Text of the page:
Ground Hog’s Day

The other day, I was running in the park. While listening to my workout playlist, an Eminem song called “Ground Hogs Day” started playing. As Eminem was ripping track, I started thinking deeply about it, and really tuning into what he was saying in the song. To keep it short, he raps about his career and how much work he has put into the game, all the while lyrically dominating the track.

The song’s title is also a reference to a Bill Murray movie called “Ground Hog’s Day” where Bill Murray is a Pittsburgh newsman who is sent to cover the annual groundhogs day event in  Puxatauny Pennsylvania. In the movie, Murray’s character majestically has a spell cast on him where he relives ground hogs day over and over. Every night when he goes to sleep, he wakes up and relives the same day, over and Over again. Eventually, he starts trying new things. He makes the same girl fall in love with  hundreds of different ways. He goes and takes a piano lesson each day. He gets to the point where he is so good and talented at what he does everyday, because each day he puts in hours doing the same exact activity. He puts in countless hours. He discovers mastery through repetition.
 
So, upon thinking about it, that is exactly what my life is like. While I don’t have the free time that Mr. Murray does, I still wake up early and get on the language grind before I have to go to my job. Thus, I’ve dubbed this year, the year of Ground Hog’s day.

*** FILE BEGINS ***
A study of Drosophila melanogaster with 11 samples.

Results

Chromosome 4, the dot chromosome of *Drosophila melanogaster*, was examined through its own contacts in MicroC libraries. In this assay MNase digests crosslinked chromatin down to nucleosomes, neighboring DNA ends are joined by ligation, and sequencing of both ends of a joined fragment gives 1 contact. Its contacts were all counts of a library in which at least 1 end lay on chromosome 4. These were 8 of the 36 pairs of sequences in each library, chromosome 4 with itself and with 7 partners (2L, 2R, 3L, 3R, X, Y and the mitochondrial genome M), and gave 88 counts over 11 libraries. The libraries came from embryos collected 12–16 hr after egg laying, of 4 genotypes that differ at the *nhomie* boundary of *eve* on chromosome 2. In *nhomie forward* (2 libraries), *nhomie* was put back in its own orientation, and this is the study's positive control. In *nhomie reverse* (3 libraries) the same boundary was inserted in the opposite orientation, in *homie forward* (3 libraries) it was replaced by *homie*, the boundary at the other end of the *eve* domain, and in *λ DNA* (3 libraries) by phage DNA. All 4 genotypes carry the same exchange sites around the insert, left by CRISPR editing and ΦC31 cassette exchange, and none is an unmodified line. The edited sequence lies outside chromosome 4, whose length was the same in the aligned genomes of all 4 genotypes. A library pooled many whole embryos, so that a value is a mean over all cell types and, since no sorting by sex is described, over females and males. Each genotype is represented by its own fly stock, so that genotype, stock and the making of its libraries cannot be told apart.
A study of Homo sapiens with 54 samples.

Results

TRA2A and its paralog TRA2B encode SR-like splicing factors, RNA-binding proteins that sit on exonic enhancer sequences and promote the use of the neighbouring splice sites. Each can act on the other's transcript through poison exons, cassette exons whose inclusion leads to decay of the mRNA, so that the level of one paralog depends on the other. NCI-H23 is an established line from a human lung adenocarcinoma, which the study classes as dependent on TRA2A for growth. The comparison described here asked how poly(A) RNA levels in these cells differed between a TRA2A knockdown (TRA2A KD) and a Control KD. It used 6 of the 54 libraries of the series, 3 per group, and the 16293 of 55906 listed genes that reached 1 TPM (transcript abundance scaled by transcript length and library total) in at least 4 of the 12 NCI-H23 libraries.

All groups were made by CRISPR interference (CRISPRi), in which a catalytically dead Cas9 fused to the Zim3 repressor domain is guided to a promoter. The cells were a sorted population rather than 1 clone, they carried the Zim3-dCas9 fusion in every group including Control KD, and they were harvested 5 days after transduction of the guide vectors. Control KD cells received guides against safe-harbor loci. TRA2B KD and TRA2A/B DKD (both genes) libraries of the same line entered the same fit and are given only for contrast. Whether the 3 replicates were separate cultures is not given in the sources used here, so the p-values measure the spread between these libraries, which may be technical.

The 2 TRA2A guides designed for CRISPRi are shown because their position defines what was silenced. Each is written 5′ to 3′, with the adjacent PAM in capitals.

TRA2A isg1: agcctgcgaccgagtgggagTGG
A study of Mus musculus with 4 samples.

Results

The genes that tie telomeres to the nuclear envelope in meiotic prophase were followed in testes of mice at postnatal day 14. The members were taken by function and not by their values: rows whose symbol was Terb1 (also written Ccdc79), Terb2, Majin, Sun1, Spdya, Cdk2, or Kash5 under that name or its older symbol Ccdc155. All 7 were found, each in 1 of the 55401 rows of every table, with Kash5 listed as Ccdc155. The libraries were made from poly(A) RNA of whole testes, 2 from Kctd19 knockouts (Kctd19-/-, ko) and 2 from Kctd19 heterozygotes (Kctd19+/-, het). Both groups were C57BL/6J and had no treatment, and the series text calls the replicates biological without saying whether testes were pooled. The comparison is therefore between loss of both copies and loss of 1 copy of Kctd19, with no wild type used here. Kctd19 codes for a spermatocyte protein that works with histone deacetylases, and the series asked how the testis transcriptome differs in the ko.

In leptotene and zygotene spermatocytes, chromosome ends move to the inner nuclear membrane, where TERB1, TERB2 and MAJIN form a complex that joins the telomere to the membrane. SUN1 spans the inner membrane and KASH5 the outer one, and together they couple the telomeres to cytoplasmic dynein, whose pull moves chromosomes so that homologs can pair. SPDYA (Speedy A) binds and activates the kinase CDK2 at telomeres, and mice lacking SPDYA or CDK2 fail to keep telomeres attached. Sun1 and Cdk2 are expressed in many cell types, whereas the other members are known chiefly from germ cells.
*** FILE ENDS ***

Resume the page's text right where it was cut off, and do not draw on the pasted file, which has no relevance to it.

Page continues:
Getting into a rhythm in anyone’s life is key, and incorporating a disciplined routine is one of the best things you can do to change your life. When learning a language, its takes dedicating a portion of your life to learning it. This means daily study, and daily incorporation of that given culture.

When learning a language, there are tons of mistakes, patterns in speech, word spellings, stroke orders, and conversations that are repeated over and over and over. For the last 3 months my life has been so damn repetitive it would be sickening for some people.

But not for me.

I know and realize that everyday little by little, I’m gaining skills and taking baby steps in almost each and every aspect of my life, especially in language. This is how you learn Chinese. You become the grind it out type of player, the tortoise. You keep your eye on that mountain peak, diligently making sure the boulder your pushing up is moving forward, because the farther you go the less heavy that boulder feels.